TRU administration is encouraging labour mediation after faculty served 72-hour strike notice Monday, Jan. 11.
While the TRU Faculty Association said it remains open to mediation, president Tom Friedman said that the two sides are too far apart for a mediator to make any progress in talks that have stalled for almost a year.
Matt Milovick, vice-president of administration and finance, said TRU was disappointed to learn of the strike notice.
“TRU’s position is that mediation at this point is an important avenue to pursue to assist the parties in finding a resolution at the bargaining table,” Milovick said. “We are far apart, however I still feel there is room for mediation.”
Milovick said there is no possibility that administration will lock out faculty employees between now and Thursday, 8 a.m., when faculty will be in a legal position to strike. He said they remain optimistic that the two can return to bargaining.
“We have been motivated for 11 months,” he said.
Faculty association announced that strike notice had been issue to the B.C. Labour Relations Board Monday morning after the most recent talks were held on Thursday, Jan. 7.
“Unfortunately, the employer remains unwilling to acknowledge or address the issues that faculty have maintained are critical,” said Tom Friedman, TRUFA President. “Before Christmas, the union submitted a bargaining package that included significant concessions from our original positions, but we have not seen any real movement from the employer.”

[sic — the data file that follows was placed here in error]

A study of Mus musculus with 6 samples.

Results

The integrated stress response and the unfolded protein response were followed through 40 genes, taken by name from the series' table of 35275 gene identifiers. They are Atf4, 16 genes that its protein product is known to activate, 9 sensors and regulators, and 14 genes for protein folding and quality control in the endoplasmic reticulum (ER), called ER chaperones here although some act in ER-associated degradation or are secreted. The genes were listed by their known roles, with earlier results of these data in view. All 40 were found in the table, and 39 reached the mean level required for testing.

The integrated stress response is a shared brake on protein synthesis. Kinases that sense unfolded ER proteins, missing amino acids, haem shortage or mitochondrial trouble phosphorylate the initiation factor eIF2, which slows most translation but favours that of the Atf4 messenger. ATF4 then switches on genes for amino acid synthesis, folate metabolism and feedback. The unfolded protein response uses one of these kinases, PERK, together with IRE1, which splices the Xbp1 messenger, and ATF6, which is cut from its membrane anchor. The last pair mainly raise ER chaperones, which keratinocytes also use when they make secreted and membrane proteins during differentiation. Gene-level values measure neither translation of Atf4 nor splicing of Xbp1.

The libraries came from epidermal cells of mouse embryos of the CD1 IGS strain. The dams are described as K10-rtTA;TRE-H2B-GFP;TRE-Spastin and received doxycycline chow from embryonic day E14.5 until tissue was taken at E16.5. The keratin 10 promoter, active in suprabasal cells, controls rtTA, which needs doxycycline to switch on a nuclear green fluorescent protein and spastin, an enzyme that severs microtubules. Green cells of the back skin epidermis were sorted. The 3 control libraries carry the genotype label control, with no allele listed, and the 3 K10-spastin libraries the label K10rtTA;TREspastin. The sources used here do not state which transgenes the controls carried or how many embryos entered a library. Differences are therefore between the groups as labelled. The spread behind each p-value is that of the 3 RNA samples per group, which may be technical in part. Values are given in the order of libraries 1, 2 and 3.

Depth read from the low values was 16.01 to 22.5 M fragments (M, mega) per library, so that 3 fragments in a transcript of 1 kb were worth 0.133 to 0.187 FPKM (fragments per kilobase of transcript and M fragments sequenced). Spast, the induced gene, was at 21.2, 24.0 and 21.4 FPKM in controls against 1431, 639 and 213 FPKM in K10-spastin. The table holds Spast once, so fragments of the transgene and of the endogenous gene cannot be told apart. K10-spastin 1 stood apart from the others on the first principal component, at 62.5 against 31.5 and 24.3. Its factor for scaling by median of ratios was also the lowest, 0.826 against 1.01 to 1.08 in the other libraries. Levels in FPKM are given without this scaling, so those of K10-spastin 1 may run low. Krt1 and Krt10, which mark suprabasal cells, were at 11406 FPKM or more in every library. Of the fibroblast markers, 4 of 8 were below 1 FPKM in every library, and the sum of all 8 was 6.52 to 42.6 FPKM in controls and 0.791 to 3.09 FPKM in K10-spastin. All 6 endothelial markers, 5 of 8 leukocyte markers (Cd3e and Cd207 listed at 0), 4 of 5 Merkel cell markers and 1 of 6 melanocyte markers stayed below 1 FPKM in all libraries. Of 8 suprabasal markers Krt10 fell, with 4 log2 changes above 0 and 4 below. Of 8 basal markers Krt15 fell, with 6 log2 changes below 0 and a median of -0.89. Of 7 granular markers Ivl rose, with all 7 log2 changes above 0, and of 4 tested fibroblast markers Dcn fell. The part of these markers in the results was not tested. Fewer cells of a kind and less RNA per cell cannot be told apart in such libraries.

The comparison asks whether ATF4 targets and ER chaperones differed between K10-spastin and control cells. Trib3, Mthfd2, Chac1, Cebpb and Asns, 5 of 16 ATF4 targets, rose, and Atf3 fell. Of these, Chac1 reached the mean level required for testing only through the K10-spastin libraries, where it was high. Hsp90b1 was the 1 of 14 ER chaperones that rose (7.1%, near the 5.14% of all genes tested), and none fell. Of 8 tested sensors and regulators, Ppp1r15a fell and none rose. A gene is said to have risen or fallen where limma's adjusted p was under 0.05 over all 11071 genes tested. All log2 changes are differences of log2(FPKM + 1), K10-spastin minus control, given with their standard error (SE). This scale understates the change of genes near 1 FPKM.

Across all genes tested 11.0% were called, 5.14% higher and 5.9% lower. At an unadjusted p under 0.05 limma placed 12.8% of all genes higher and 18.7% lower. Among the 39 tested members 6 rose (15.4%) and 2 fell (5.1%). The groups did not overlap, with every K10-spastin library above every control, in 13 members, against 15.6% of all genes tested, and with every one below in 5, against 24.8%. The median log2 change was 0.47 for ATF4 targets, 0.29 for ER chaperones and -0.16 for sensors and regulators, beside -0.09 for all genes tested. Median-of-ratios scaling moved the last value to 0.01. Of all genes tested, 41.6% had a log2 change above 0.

The association held a strike vote in November and received an 80 percent mandate. It was only the third time in the institution’s 45-year history that a strike vote was taken.
Friedman singled out the principle of shared governance as a key issue in the failure to reach agreement. He said the university was founded on that principle in 2005. It means join responsibility by faculty and administrators for academic decisions, mutual accountability, and transparency. TRUFA also wants a commitment from administration to hire full-time faculty to perform full-time, ongoing work.
“Currently, sufficient resources are not going to assist faculty in meeting student needs or in providing much-needed services that foster student success,” said Friedman. “Instead, a significant portion of the TRU budget increasingly goes into administration. In fact, administrative costs have risen dramatically since 2005, while expenditures on front-line education have remained static.”
Friedman said full-time administrative staff have increased by 183 percent, representing a 353 percent increase in the administrative budget since 2006, while the number of faculty has dropped slightly in the same period.
In principle, the association is not opposed to mediation, but there is a proviso, he said.
“Some feel mediation can only happen when the parties are close enough that there could be a meeting of the minds,” he said.
Milovick said faculty numbers had dropped by about 2.5 percent, but they have more recently increased slightly and that there are currently job postings for 20 TRUFA positions.
He cited data from Universities Canada showing that TRU dedicates the most resources of any post-secondary institution to teaching, while it ranks in the middle of the pack for spending on administration.
Students, who have been braced for the possibility of a strike since the fall, were only learning of the strike notice Monday morning.
“I would say, for the most part, we are a bit stressed, but we don’t want to get too far ahead,” said nursing student Nequila Horne.
There are 7,148 students attending the winter semester at TRU.